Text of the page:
Background: The purpose of this study was to determine the extent to which pepsin and trypsin concentrations in feeding tube aspirates, in addition to pH, contribute to predicting feeding tube position.
Methods: Aspirates from 742 feeding tubes (nasogastric, n = 343; nasointestinal, n = 399) were tested for pH and enzyme concentrations. Also tested were aspirates from two feeding tubes inadvertently positioned into the lung (one in the pleural space and one in the tracheobronchial tree) and 146 samples of tracheobronchial and pleural fluids collected by other methods. Enzyme assays were conducted in a research laboratory. Results of the pH and enzyme tests were compared with radiologic reports of tube location.
Results: Gastric fluid had a mean low pH (4.06), a high mean pepsin concentration (349.1 micrograms/mL), and a low mean trypsin concentration (19.3 micrograms/mL). In contrast, intestinal fluid had a mean high pH (7.40), a high mean trypsin concentration (143.0 micrograms/mL), and a low mean pepsin concentration (24.2 micrograms/mL). Respiratory samples also had a high mean pH (7.89) but contained little or no pepsin or trypsin. Using a logistic regression equation with all three variables to differentiate between respiratory and gastrointestinal placement, it was possible to correctly classify 100% of the respiratory cases and 93.4% of the gastrointestinal cases. Another equation used to differentiate between gastric and intestinal sites was able to classify correctly 91.2% of the gastric cases and 91.5% of the intestinal cases.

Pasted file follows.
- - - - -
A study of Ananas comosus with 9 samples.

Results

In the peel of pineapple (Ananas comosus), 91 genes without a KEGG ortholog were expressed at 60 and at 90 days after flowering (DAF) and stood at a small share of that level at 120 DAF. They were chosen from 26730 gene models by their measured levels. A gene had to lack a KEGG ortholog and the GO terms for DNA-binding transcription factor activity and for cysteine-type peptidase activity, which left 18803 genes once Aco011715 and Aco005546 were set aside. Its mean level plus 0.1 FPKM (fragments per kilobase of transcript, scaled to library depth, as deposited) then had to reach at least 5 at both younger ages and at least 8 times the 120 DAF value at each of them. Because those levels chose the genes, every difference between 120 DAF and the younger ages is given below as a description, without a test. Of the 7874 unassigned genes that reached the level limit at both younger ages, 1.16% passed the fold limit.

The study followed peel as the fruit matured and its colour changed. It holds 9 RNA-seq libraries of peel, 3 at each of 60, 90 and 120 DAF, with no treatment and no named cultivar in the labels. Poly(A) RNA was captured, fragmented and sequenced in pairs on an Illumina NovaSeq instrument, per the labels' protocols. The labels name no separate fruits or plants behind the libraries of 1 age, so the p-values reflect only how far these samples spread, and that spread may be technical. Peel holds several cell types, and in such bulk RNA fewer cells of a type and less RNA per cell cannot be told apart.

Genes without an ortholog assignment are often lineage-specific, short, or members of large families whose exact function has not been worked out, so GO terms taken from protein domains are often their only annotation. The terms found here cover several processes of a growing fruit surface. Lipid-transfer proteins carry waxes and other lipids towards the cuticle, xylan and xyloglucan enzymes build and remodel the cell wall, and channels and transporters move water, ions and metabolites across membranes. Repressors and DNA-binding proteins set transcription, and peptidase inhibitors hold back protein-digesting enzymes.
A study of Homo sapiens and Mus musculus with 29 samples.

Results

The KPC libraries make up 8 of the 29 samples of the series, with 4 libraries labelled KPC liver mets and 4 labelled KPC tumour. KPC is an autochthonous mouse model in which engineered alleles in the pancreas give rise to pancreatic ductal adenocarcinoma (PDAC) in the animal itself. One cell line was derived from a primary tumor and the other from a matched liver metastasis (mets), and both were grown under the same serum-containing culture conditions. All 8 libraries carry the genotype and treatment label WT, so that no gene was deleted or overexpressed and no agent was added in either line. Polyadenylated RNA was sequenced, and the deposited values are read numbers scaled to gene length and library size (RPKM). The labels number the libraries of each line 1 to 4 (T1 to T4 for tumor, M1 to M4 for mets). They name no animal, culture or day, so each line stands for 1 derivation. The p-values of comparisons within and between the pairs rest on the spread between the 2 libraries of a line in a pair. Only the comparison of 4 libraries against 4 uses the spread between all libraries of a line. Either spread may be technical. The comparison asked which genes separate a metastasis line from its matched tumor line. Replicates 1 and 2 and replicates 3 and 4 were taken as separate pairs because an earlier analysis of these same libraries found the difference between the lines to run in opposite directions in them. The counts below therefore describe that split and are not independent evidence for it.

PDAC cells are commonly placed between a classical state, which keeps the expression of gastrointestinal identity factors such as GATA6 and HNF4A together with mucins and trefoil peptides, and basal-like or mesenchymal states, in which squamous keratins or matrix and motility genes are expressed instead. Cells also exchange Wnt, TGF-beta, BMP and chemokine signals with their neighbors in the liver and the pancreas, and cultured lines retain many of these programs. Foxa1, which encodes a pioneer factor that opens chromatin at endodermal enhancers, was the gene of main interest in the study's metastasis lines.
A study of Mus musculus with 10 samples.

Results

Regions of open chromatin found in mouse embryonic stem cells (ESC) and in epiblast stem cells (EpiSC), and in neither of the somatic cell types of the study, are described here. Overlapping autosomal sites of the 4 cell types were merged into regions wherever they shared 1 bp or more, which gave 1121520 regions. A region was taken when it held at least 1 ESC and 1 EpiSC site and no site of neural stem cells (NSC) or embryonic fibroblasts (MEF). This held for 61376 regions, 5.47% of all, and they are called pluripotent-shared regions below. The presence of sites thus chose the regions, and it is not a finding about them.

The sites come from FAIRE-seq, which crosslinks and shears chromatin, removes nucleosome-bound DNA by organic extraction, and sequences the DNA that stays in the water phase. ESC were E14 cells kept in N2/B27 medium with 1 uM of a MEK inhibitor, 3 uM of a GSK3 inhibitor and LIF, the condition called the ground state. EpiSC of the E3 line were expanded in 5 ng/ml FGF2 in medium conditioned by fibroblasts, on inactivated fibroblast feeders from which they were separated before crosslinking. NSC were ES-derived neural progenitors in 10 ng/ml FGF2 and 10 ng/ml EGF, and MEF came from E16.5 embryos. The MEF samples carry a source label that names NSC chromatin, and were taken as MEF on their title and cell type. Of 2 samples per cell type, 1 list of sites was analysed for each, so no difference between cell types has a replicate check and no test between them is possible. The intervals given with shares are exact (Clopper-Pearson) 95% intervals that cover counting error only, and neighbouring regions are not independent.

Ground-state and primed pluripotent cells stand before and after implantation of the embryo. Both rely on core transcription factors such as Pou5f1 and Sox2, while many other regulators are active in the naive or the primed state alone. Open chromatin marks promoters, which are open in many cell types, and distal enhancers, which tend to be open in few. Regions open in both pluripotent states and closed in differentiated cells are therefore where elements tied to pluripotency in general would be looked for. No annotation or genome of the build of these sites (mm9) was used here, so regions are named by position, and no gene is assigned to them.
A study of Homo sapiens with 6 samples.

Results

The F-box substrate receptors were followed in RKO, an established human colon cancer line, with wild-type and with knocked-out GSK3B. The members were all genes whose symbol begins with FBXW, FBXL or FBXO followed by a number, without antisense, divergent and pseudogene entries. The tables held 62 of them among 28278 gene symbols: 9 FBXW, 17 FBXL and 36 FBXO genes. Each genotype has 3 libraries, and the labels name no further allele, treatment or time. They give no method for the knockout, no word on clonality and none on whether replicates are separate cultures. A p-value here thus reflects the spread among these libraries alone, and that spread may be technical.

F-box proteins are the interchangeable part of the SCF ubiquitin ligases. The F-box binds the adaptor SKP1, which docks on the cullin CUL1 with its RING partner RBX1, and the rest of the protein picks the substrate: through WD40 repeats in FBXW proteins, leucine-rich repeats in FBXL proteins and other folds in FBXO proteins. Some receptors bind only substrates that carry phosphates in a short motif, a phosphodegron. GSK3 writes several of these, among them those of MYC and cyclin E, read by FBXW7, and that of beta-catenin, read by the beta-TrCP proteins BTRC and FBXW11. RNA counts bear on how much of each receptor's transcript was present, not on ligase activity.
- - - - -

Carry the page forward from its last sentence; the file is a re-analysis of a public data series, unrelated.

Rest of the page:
Conclusions: The results clearly indicate that laboratory-determined enzyme concentrations in feeding tube aspirates are helpful in predicting tube location. Thus, it is desirable that inexpensive, simple bedside tests be developed so that they can be used in conjunction with pH measurements to help predict tube position.